Please see below selected recent presence-related change.
- "Fulfillment cannot come when the present moment is merely a struggle to bear in service of the future," wrote Arthur C. Brooks in an article for The Atlantic that described the immense benefits of the simple practice of walking. "If we want to find true satisfaction, we must instead focus on the walk that is life, with its string of present moments."
- Life is full of moments where we are meant to feel certain things. The demand starts in early childhood: it’s our birthday – and we are meant to feel happy. Dad is going away for two weeks – and we should feel sad. Our school has won at team sports – and we should want to join in with a celebratory song. Adulthood continues the injunctions: we should feel devastated at funerals, touched and hopeful at weddings, enthused and moved by our families, carefree on holiday - and, in bed with someone we like, exclusively focused on the act and its pleasures. But, in truth, our thoughts are seldom exactly in sync with outward events. They have tendencies to be vagabond, unfaithful and unruly. We rarely feel exactly what we’re meant to when we’re meant to, noted The School of Life.
- One of the dangers of emotional life, notes The School of Life, is that we find that we don't feel 'in the moment': we're at a funeral, but we don't feel sad. We're making love, but our minds are elsewhere. It's our birthday, but we're not jolly. Why is it sometimes so hard for our true inner feelings to keep pace with events in the outer world?
- Brain Pickings noted that the meaning of life has been pondered by such literary icons as Leo Tolstoy (1904), Henry Miller (1918), Anaïs Nin (1946), Viktor Frankl (1946), Italo Calvino (1975), and David Foster Wallace (2005). And although some have argued that today’s age is one where “the great dream is to trade up from money to meaning,” there is an unshakable and discomfiting sense that, in our obsession with optimising our creative routines and maximising our productivity, we have forgotten how to be truly present in the mystery of life.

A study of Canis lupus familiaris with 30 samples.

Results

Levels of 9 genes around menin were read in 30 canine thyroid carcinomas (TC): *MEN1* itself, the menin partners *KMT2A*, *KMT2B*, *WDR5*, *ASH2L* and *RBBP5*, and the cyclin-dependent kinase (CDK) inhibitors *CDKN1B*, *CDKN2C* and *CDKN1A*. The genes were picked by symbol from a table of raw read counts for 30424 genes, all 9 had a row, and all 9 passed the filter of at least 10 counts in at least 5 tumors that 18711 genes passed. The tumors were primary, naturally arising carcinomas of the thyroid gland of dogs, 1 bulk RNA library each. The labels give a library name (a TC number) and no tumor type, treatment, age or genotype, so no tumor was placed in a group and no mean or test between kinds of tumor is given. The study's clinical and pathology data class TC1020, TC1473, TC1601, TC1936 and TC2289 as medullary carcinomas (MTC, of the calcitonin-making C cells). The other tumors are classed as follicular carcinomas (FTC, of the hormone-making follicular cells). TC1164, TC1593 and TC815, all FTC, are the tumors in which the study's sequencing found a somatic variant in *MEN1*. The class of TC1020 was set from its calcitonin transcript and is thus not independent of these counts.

- The concept the 200-year present is a way of thinking about change. The 200-year present began 100 years ago with the year of birth of the people who have reach their hundredth birthday today. The other boundary of the 200-year present, 100 years from now, is the hundredth birthday of the babies born today.
- Is living in the moment really the only way to find inner peace? Many believe there is only one "reality"; the moment we are in right "now", and that everything else is pure fantasy.
- Others believe in living the hours: for example, in the Christian monastic tradition, every day follows a rhythm of eight "Hours," which mark nuances of morning, noon, night, and between times.
- The author of the extraordinary Spell of the Sensuous explained that we have to be present, not future-oriented, before we can start to change the world.
- Since we can't directly access the past or the future, the present seems to be all we've got. Yet Jacques Derrida denied the existence of the present. And physicists argue the present has no special status. Is the present an illusion? Or do we find in the present everything that is of value, asked an iai debate?
- Focusing too much on the future can reduce our attention in the present moment, making us more likely to miss significant things that are happening now. This lack of presence can cause problems with relationships at work and home. What’s more, constantly thinking about what’s to come can leave us less productive today and worse, emotionally drained.